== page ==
From Amazon’s Alexa to Tesla’s smart cars, mobile devices and online banking systems, the prevalence of artificial intelligence (AI) in daily life is clear. At an enterprise level, vendors aplenty promote the capabilities of such systems to provide “solutions”, whether bespoke or commoditised; they promise efficiencies and speed, automating the dull and routine and leaving us happy humans to concentrate on activities where some form of emotional interaction supposedly retains value.

The latest developments in AI application naturally grab media attention, but while the enthusiasm to implement some such system into your business may be well intentioned, don’t forget that the provision of such services is at its heart no more than the delivery of another software product, set of services or blend of the two. The relationship between customer and vendor still needs to be sensibly considered on an arm’s-length basis, even if ultimately the risk analysis decides that legal negatives are outweighed by the commercial benefits of promised functionality. So how do you know what you are getting into? Five key issues to the relationship are highlighted below.

1. Pre-engagement promises?

Irrespective of its formality, the procurement process through which the commercial decision to invest is made will almost certainly have generated stakeholder expectations as to what benefits the system will deliver. As obvious as this sounds, does the purchase contract and, in particular, the service description, capture the essence of these expectations? If not, you risk being at the mercy of the vendor in terms of what the product ends up delivering; at worst, the project becomes simply one of vendor product development at your expense.

2. Working at the relationship – keeping an eye on implementation and performance

Unless the system is entirely commoditised, it will require some form of implementation (customisation) service and certainly an interface to work with your existing platform. What is the nature of the project? Is it merely the purchase of consultancy time to see if the product can be configured to do as expected, or is there a guarantee that it will work as specified? Further, how will it perform once implemented? Metrics are easier to specify for a commoditised product but, if the AI is meant to have certain capabilities, are these specified as a minimum or are you content that it will just “teach itself” and that everything will turn out alright in the end? Finally, once an operational phase is reached, what support and maintenance undertakings are offered by the vendor and at what cost?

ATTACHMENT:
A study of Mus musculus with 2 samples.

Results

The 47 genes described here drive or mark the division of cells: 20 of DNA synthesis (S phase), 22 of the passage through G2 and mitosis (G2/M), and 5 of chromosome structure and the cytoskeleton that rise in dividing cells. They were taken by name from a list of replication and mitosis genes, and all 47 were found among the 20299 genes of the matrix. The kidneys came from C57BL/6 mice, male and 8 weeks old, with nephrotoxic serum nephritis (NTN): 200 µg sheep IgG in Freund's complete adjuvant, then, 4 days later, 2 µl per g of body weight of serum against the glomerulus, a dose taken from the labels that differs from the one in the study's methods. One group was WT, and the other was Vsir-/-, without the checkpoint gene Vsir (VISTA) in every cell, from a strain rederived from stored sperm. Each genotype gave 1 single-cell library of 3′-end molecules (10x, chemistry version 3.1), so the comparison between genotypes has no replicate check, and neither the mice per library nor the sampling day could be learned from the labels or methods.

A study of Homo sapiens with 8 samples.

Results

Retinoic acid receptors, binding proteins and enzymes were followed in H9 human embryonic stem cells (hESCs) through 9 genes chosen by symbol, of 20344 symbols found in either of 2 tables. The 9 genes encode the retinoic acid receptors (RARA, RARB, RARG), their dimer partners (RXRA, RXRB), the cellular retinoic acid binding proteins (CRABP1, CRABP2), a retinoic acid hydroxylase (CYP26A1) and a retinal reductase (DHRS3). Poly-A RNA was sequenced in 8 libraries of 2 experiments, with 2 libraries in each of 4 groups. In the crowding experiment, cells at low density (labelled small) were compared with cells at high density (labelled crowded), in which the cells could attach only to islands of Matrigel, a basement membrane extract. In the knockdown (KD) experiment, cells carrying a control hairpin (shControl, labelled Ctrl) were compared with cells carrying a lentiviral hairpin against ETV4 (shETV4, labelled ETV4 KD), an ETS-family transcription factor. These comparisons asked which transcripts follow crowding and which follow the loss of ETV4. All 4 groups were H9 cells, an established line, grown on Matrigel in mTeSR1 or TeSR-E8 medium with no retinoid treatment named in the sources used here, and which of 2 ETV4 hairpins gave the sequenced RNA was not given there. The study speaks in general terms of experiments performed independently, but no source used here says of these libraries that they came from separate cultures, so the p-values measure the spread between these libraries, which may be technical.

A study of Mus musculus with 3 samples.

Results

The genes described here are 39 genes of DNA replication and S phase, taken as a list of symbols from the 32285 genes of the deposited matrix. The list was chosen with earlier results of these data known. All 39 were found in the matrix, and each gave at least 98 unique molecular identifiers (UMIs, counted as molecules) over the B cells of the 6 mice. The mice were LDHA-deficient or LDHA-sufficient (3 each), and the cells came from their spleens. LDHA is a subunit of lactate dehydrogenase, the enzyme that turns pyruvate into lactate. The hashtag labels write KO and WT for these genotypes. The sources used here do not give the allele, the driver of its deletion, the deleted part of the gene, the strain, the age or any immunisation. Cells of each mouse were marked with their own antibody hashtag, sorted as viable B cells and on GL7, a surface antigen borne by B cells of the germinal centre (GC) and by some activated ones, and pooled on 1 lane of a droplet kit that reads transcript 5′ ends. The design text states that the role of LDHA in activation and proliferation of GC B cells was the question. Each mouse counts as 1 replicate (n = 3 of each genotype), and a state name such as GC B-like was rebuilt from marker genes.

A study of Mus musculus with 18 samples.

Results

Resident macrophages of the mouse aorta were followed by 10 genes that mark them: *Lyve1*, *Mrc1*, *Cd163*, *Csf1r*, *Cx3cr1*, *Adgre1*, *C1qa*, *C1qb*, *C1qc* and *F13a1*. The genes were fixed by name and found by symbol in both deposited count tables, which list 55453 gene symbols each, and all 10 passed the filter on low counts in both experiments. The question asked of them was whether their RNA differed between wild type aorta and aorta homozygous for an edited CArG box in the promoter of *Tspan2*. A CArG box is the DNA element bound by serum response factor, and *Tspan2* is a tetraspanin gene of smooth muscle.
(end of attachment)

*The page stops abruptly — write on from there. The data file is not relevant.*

3. What’s yours is mine – data ownership

Data ownership is now a key focus point for almost all (technology) contracts, and while few software vendors will attempt to lay an absolute claim to ownership of customer data, they may seek access to anonymised or aggregated data for the purposes of testing, verification or future development. You should ensure that such a request fits comfortably with your data collection and ownership model.

4. For better or worse – taking the blame

Without being deliberately Eeyore-ish about it, the question of liability is as important here as anywhere else. The delivery of “Artificial Intelligence” capability should not just be viewed as a wholly new product which comes with its own set of “must-accept”, vendor-friendly rules simply because of what “it” is. Inevitably vendors will attempt to dictate the rules, and there is nothing new in that. Vendors entirely naturally wish to avoid liability as far as possible. This imbalance is incrementally corrected over time through increased competition, but it does not stop customers from being inevitably pushed to accept that the scale and investment of providers is a winning argument as to why liability terms which might ordinarily not seem acceptable, should now be accepted. As always, just ask yourself the question, if it all goes wrong and you get little more than your money back and walk away, is that really going to be enough for you? And what mess will you be left behind to clean up?

5. Avoid the messy divorce – enforcement issues

The tendency for IT specialists to belong to the global community, rather than simply a local one, means that many AI vendors are based outside the UK. The clear impact of this is that in addition to the contract containing provisions which may not be to your liking, the additional hurdle exists of enforcement through a foreign court, using a foreign legal system with all its attendant expense, stress and distraction. Ultimately, does this mean you have no effective remedy?

Provided buyers have a clear view of the intended strategic benefits, the opportunities of AI deployed in the right way are plain for all to see, but like any contract, we must not be unduly swayed by shiny new toys into accepting terms which do not suit the business context.